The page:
By Adam Eggbrecht
In the Optical Radiology Laboratory at Washington University School of Medicine in St. Louis, Joe Culver and his lab have been expanding applications of their optical imaging systems in mice and in humans.
In a recent publication in Cerebral Cortex, Adam Bauer et al., combined optogenetics with optical intrinsic signal (OIS) imaging in mice to create an efficient, optogenetic effective connectivity mapping technology. Patterns of effective connectivity using these methods were compared against zero-lag correlation-based functional connectivity maps of hemoglobin in awake transgenic mice. Bauer et al., showed that the optogenetic-driven effective connectivity patterns had higher spatial specificity than more traditional functional connectivity maps based on hemoglobin and that the effective connectivity maps more closely resembled the spatial topology of axonal project connectivity established at the Allen Institute. The ‘infraslow activity’ (ISA) generally used in traditional functional connectivity studies was further leveraged by Kraft et al., again with wide field optical intrinsic signaling and monocular or binocular visual deprivation in mice to examine the effects of visual experience during critical periods of development on functional connections within and between resting state networks. The authors found network level effects that were markedly attenuated in genetically altered mice that had no Arc gene, known to be essential for activity-dependent synaptic plasticity. The results highlight the importance of critical periods during development are strongly moderated by Arc-dependent mechanisms.
Patrick Wright, who recently graduated from Joe Culver’s lab to take up a postdoctoral position with Dr. Alan Koretsky at the National Institute of Neurological Disorders and Stroke (NINDS), also utilized genetically modified mice to investigate the functional connectivity structure of cortical calcium dynamics in anesthetized and awake mice. In this paper, Dr. Wright et al. showed that the calcium dynamics of GCAMP6 mice facilitated mapping of functional connectivity networks much more efficiently by utilizing a faster frequency band (0.4-4.0 Hz) that than typically used in hemodynamic studies (0.009-0.08 Hz). In a separate paper, also out this last year, Dr. Wright et al. showed significant alterations in functional connectivity in a mouse model of optic neuritis, often an early manifestation of immune-related central nervous system demyelination in multiple sclerosis.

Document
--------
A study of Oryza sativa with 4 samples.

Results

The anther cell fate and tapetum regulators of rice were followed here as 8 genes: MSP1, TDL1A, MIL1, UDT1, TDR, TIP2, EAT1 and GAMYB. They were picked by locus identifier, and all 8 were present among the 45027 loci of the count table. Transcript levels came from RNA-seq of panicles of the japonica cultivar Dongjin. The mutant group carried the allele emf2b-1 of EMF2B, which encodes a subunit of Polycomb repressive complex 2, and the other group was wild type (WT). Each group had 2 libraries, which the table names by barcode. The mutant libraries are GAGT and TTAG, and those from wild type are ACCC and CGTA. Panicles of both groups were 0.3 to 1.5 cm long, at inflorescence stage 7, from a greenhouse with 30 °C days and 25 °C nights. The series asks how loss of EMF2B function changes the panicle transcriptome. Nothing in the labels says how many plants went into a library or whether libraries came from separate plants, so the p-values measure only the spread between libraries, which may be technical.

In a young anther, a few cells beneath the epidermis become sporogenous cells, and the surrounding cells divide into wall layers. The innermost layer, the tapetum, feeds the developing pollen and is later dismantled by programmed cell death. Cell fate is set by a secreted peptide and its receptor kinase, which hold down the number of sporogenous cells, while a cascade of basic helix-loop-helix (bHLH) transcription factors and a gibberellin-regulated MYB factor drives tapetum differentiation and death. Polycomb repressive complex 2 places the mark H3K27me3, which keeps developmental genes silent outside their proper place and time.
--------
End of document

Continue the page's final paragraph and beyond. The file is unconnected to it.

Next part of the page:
Another recent graduate of Joe’s lab, Dr. Matt Reisman, has expanded the toolbox for imaging brain function in mice to include non-invasive structured illumination diffuse optical tomography.
Other ongoing work in the Culver lab includes applying OIS imaging to mouse models of glioma, anesthesia, sleep, and a further expansion of the SI-DOT mouse imaging system to that of a multi-camera multi-view system.
Additionally, Dr. Culver’s lab is extending diffuse optical tomographic imaging of human brain function through methods development for detecting and efficiently sensoring motion artefact and in depth analyses of imaging grid designs on in-vivo data quality.
Additionally, the lab has been extending the reach of high-density DOT methods to far reaching settings, establishing HD-DOT imaging in Cali, Columbia.